G20 Delhi Declaration ‘objective’ about Ukraine, geopolitics: Lavrov

IANS Photo

United Nations, September 23 (IANS) Russia’s Foreign Minister Sergey Lavrov has called the G20 Leaders’ Declaration adopted in New Delhi this month “objective” about Ukraine and the geopolitical situation.

“I think that the text of that summit was objective, not only when it comes to Ukraine, which is only mentioned once but it was objective about the geopolitical situation as a whole,” he said on Saturday at a news conference here.

The Declaration, which was the result of India’s consensus-building, did not mention Russia, but had elements that could be seen as critical of Moscow’s actions in Ukraine.

It said: “All states must act in a manner consistent with the Purposes and Principles of the UN Charter in its entirety. In line with the UN Charter, all states must refrain from the threat or use of force to seek territorial acquisition against the territorial integrity and sovereignty or political independence of any state.”

The Declaration also “highlighted the human suffering and negative added impacts of the war in Ukraine.”

As for geopolitics, Lavrov noted that it said that “all conflicts need to be considered not just those that one has a specific interest in.”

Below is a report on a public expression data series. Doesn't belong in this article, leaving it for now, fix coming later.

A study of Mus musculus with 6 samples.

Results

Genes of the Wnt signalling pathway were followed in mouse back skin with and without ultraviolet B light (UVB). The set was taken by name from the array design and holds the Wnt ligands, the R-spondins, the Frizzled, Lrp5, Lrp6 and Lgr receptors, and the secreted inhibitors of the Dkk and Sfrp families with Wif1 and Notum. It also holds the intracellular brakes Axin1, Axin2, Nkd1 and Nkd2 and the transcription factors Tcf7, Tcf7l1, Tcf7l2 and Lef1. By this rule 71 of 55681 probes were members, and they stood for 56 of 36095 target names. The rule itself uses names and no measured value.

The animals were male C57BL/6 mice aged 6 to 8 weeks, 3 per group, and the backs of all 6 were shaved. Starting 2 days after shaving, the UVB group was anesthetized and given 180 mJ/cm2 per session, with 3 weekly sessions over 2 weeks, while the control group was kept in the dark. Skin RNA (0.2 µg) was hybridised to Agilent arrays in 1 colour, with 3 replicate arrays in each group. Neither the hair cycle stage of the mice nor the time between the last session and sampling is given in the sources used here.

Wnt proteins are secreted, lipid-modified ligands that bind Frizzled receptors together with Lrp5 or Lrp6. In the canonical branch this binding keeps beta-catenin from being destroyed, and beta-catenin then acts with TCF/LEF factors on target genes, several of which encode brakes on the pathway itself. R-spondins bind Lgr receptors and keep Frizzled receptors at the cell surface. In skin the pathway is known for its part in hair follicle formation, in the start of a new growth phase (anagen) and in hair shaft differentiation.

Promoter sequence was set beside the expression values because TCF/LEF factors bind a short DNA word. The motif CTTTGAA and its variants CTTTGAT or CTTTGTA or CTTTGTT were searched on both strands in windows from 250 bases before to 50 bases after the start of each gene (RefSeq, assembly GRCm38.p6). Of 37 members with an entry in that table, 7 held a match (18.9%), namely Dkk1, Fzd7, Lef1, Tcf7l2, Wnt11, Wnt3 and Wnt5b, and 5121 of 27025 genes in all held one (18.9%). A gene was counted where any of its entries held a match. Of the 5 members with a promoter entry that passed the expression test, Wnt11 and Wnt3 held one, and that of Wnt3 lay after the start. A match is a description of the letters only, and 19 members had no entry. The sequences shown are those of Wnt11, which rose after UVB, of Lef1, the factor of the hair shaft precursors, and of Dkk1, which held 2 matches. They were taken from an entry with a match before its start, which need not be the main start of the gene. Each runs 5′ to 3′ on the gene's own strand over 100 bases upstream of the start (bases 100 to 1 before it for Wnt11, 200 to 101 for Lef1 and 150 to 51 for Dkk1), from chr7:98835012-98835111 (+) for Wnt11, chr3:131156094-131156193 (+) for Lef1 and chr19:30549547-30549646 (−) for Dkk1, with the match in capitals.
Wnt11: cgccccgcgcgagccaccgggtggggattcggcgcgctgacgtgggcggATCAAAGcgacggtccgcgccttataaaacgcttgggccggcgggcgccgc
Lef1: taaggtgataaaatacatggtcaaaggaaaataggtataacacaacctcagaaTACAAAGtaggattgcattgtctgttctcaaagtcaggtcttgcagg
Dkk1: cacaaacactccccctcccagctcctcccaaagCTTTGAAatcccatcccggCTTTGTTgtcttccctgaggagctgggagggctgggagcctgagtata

For example, it also mentioned the Palestine situation, he said.

Lavrov contrasted the G20 Declaration with outcome documents from other forums where he said the West insisted on condemning Moscow.

“They just completely exhausted everyone with their incessant demands for the outcome documents to denounce Russia,” he said.

“It is the West that is trying to blame Russia and Russia's actions in Ukraine for all the world's problems and they're not successful in this,” he said referring to the G20 Declaration.

Lavrov criticised the working of the UN and said that Moscow supports Security Council reform to make the organisation “sustained and legitimate in nature”.

He shot down Secretary-General Antonio Guterres’ proposal for restarting the Black Sea Grain Initiative as well as the peace plan proposed by Ukraine.

He bristled at suggestions that he had “rejected” Guterres’ with a semantic twist that Moscow only said elements of it were unacceptable, citing problems with receiving payments for the grain exports because of sanctions on banking.

The Grain Deal brokered by the UN and Turkiye allowed for exports of food grains from Russia and Ukraine through the Black Sea amid naval blockades and war.

The peace plan proposed by Ukraine’s President Volodymyr Zelensky, which includes the withdrawal of Russian troops from occupied territories, and restoration of Ukraine’s territorial integrity, was unacceptable and the war will go on, he said.